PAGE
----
Horizon Therapeutics plc announced the first patient has enrolled in a Phase 2 trial to evaluate its development-stage medicine HZN-7734 (formerly VIB7734), a first-in-class, fully human monoclonal antibody targeting immunoglobulin-like transcript 7 (ILT7), to treat people with moderate to severely active systemic lupus erythematosus (SLE). SLE, which accounts for 70 percent of lupus cases1, is an autoimmune disease in which the immune system mistakenly attacks healthy cells and tissues. The Lupus Foundation of America estimates at least 5 million people worldwide are living with a form of lupus, 90 percent of whom are women.
“Systemic lupus erythematosus has many manifestations, its severity can negatively impact a patient’s quality of life and there are limited treatment options,” said Victoria Werth, MD, professor of medicine at the Perelman School of Medicine at the University of Pennsylvania and chief of dermatology at the Corporal Michael J. Crescenz Veteran’s Administration Medical Center. “This trial will help determine the safety and efficacy of Horizon’s ILT7 antagonist in reducing overall disease activity for patients who live with moderate to severely active SLE.”
The initiation of the Phase 2 trial follows encouraging efficacy and safety data from a Phase 1b trial in patients with cutaneous lupus erythematosus, a form of lupus affecting the skin. The Phase 1b study showed HZN-7734 decreased plasmacytoid dendritic cells (pDCs) and reduced Type 1 Interferon both in circulation, as well as the skin of people with cutaneous lupus, demonstrating that this molecule has activity in specific tissues where the disease occurs. HZN-7734 also improved Cutaneous Lupus Erythematosus Disease Area and Severity Index-Activity (CLASI-A) scores, a clinical measure of cutaneous lupus, versus placebo.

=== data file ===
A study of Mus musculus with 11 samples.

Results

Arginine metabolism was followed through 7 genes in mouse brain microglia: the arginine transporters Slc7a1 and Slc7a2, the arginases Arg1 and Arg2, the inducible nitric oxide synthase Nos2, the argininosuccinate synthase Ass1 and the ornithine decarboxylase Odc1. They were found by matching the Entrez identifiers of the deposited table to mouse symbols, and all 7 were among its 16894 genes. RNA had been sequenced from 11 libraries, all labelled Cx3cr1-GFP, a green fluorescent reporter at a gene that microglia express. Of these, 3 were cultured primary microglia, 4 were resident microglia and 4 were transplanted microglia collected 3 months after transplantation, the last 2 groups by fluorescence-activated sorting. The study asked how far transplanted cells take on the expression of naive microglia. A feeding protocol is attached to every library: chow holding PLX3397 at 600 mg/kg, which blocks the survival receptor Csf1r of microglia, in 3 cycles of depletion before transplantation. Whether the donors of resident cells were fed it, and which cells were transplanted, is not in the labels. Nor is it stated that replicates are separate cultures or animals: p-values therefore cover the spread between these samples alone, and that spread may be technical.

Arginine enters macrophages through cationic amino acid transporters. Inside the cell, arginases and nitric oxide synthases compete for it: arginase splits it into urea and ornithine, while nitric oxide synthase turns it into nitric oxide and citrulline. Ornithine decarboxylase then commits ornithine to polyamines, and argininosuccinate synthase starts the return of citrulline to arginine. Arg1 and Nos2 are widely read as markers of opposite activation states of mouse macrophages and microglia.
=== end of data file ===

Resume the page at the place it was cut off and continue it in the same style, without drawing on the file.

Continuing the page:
The composite primary endpoint of the Phase 2 trial is change in the British Isles Lupus Assessment Group (BILAG)-based Combined Lupus Assessment (BICLA) and reduction in oral glucocorticoid dose after 48 weeks. BICLA is a composite measure of overall SLE disease activity. Additional trial endpoints include other measures of both lupus disease activity and oral glucocorticoid reduction.
“Research suggests pDCs, a type of immune cell that produces Type 1 Interferon and causes inflammation, play a critical role in the pathogenesis of lupus and possibly other autoimmune diseases related to the interferon pathway,” said Elizabeth H.Z. Thompson, Ph.D, executive vice president, research and development, Horizon. “Early studies indicate that HZN-7734 can deplete pDCs in blood and tissue thereby reducing Type 1 Interferon and the resulting inflammation, potentially addressing an unmet treatment need for patients with lupus. The enrollment of the first patient in this study represents an important milestone for these patients.”
HZN-7734 is a fully human monoclonal antibody that targets ILT7 and, in early studies, has been shown to promote the destruction of plasmacytoid dendritic cells (pDCs). pDCs are thought to play a critical role in the pathogenesis of lupus and other autoimmune diseases through their capacity to produce rapid and robust quantities of Type 1 IFN as well as through IFN-independent mechanisms.